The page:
Thought this NYTimes…

Thought this NYTimes slideshow of various Olympic athletes was astonishing.

Comparing their body fat percentages, calories eaten, height and weight is really fascinating. They're basically all eating 4000-6000 calories a day, from the thinnest to the heaviest -- and they're all muscle. I can't even imagine what 4000 calories a day would look like -- two bacon cheeseburgers and chili cheese fries at every meal? Wacky.

Motivation for more exercise -- so I can eat more!!!

(That said, today was the first day I exercised since Clarion. Twenty minutes of step aerobics while watching Mad About You. Sigh. I'm going to get back to it, though, I swear.)

9 thoughts on “Thought this NYTimes…”

  1. I’ve exercised enough to need 6000 calories.

    It’s nightmarish. You have to start choosing foods by caloric density because there’s only so much time to EAT, and then you have to balance the intake between carbs, fat and protein.

    At 6000 calories, getting a balanced amount of protein becomes very, very difficult. The whole eating thing feels a lot more like filling up the car at a gas station than eating a huge, wonderful meal.

  2. Trained eyes tell me that slideshow is bunk. They’re certainly not “all muscle” – the weightlifter is listed at 28% and the shot putter at 15%, and the trained eyes tell me those numbers are seriously low.

  3. Huh. I’d usually trust the NY Times for this, but I certainly have no evidence one way or the other.

    All muscle was a bit of an exaggeration — most of them seem seriously muscled in the relevant area for their sport — the cyclist has massive thighs, for example.

  4. The cyclist does? The weightlifter has huge thighs. I have massive thighs, but that’s cause I’m female! Many women carry a lot of weight in their thighs and not as much in their hips as the “typical female”. A good bit of that weight is fat.

    Oh, I understand now what you meant. You didn’t mean “all muscle” in that they have low bodyfat. You just meant that they have a high lean body mass. So the weightlifter is 300 pounds claims to be between 28 and 30%, but trained eyes tell me it looks more like 40%. That gives her a lean body mass of 180 pounds, which is still huge. Anyone else weighing 300 pounds would have an even higher bodyfat. That said, when 22% bodyfat is what’s regarded as healthy for adult women, she isn’t “all muscle”.

    As far as the cyclist – I’m shorter than her and NOT competing in the olympics, but otherwise my stats are quite similar. The overall softness of the body, etc. looks about the same. And trust me, I am not at 12% bodyfat. 22-25%, maybe higher.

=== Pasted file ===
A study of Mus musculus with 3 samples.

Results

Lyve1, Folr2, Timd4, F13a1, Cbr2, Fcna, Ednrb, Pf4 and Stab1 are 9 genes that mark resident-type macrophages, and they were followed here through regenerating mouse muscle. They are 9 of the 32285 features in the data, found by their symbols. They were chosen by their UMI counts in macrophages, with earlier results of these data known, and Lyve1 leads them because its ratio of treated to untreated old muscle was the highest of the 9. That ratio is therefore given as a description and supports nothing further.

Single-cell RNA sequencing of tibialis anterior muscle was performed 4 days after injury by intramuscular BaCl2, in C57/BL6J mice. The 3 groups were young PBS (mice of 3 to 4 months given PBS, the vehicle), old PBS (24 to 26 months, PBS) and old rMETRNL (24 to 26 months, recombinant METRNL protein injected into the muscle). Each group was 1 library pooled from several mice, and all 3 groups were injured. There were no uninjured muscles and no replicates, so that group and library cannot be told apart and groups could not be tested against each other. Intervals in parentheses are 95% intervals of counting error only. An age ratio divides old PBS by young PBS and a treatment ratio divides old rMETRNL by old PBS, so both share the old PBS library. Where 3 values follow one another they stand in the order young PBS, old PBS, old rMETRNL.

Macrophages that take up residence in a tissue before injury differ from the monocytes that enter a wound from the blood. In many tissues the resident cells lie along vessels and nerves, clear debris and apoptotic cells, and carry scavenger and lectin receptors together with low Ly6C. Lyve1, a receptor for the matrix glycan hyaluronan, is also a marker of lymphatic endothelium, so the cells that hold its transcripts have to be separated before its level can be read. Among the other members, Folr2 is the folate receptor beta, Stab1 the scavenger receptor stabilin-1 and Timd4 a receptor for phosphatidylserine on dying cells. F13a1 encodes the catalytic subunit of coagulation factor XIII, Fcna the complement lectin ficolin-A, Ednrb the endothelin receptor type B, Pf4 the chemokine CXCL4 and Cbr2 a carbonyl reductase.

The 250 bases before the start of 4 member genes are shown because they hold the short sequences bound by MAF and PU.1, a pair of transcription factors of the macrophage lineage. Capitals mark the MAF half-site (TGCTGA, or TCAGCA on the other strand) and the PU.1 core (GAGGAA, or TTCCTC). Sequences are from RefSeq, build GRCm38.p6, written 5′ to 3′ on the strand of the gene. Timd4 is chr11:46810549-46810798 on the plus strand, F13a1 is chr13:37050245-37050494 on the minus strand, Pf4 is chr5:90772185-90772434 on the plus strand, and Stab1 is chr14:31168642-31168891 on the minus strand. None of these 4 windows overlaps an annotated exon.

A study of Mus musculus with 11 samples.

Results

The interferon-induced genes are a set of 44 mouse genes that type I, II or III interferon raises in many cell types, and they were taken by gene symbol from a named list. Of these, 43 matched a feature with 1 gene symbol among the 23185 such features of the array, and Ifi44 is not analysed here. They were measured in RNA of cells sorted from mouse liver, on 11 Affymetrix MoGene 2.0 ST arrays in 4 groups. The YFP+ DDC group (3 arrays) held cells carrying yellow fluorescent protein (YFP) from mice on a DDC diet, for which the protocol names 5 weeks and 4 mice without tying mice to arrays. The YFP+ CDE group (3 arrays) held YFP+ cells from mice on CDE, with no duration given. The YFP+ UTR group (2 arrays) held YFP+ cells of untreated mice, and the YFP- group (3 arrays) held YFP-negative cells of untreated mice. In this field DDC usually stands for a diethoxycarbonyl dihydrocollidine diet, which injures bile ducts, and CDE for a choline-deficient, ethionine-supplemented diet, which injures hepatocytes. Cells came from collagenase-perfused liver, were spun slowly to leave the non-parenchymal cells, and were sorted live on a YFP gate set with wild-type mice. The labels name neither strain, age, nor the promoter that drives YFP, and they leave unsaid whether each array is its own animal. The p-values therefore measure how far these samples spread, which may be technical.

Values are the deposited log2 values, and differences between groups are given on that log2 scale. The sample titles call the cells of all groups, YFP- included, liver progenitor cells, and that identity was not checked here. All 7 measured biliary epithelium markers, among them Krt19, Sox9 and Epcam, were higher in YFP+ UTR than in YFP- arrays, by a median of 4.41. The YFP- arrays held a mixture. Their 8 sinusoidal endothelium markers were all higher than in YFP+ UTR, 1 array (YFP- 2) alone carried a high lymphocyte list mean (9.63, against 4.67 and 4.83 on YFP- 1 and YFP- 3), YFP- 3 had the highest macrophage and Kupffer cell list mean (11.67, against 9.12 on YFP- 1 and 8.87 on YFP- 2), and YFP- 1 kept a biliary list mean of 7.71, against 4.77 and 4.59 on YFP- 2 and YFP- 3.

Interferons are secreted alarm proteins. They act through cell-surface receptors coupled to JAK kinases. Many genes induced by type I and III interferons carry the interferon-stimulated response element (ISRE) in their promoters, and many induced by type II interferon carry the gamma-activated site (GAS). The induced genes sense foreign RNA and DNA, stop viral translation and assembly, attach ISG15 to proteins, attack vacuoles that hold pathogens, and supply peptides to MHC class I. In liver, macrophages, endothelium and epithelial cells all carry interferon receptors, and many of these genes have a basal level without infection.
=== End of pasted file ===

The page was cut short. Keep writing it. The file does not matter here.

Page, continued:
5. Heh. I think I just mean things much vaguer than what you mean — I’m not even sure what ‘lean body mass’ means.

    I do think the cyclist has huge thighs, relative to the rest of her body — the female weightlifter actually looks more proportionate to my eyes, although she also has large thighs (according to her comment, solid muscle, which isn’t surprising given her sport).

    I don’t know what my stats are for any of this, and have no sense of what the various percentages look like on other people. When I said all muscle, that wasn’t meant to be taken literally — I mostly just meant lots of muscle in the relevant areas. They may well be quite soft and flabby in other areas they’re not training. Which is kind of fascinating in its own right — that being an Olympian athlete doesn’t necessarily mean you’re overall in great shape. Weird!

    Almost of my weight is in my belly, which I think is pretty atypical for women, so I really don’t have a good guide there. I have super-muscled calves, for no good reason that I can think of, and medium thighs and small hips and butt (before the baby, I often wore a size 0-2 in pants, despite wearing a 12-14 on top).

    But again, I really doubt the NY Times got their stats wrong. I’m guessing that using our own bodies and visuals of others as guides is probably not at all accurate. My understanding is that almost everyone’s perceptions of others’ weight and body is often widely skewed from reality — I think that’s what the BMI project is trying to correct for, although I don’t know if I think they’re succeeding.

  6. Well, we’ll just have to disagree about the NY Times. I really doubt the NY Times did any verification of those stats. They probably just asked the athletes for their stats. If the athletes knew, they said. I looked for some indication of how they measured the body fat since the only true way to know is autopsy.

    I agree with you on visuals in general, but I also don’t find the BMI project “helpful” in the way you indicate. I’m not a trained eye, and what I noticed about the BMI project is that people of a huge range of weights can “look like” me – with normal clothes on and not enough visual markers to gauge height etc. Someone a foot taller than me and obese can “look like me” in the right lighting and with a front-on picture and the right tailoring. Doesn’t mean the difference wouldn’t be obvious in person, or even in pictures with athletic clothes on. Similarly, 12% bodyfat for women does NOT look remotely like 25% bodyfat, in pictures where you can actually see the body (like the cyclist’s).

  7. The thing that jumped out at me the most was the marathon runner’s resting heart rate: 28 beats per minute?! That’s craziness.

  8. No, 28 beats per minute is a good, healthy resting heart rate for a marathon runner. They have very efficient hearts. When I was running a lot, my heart rate at rest was in the 40’s.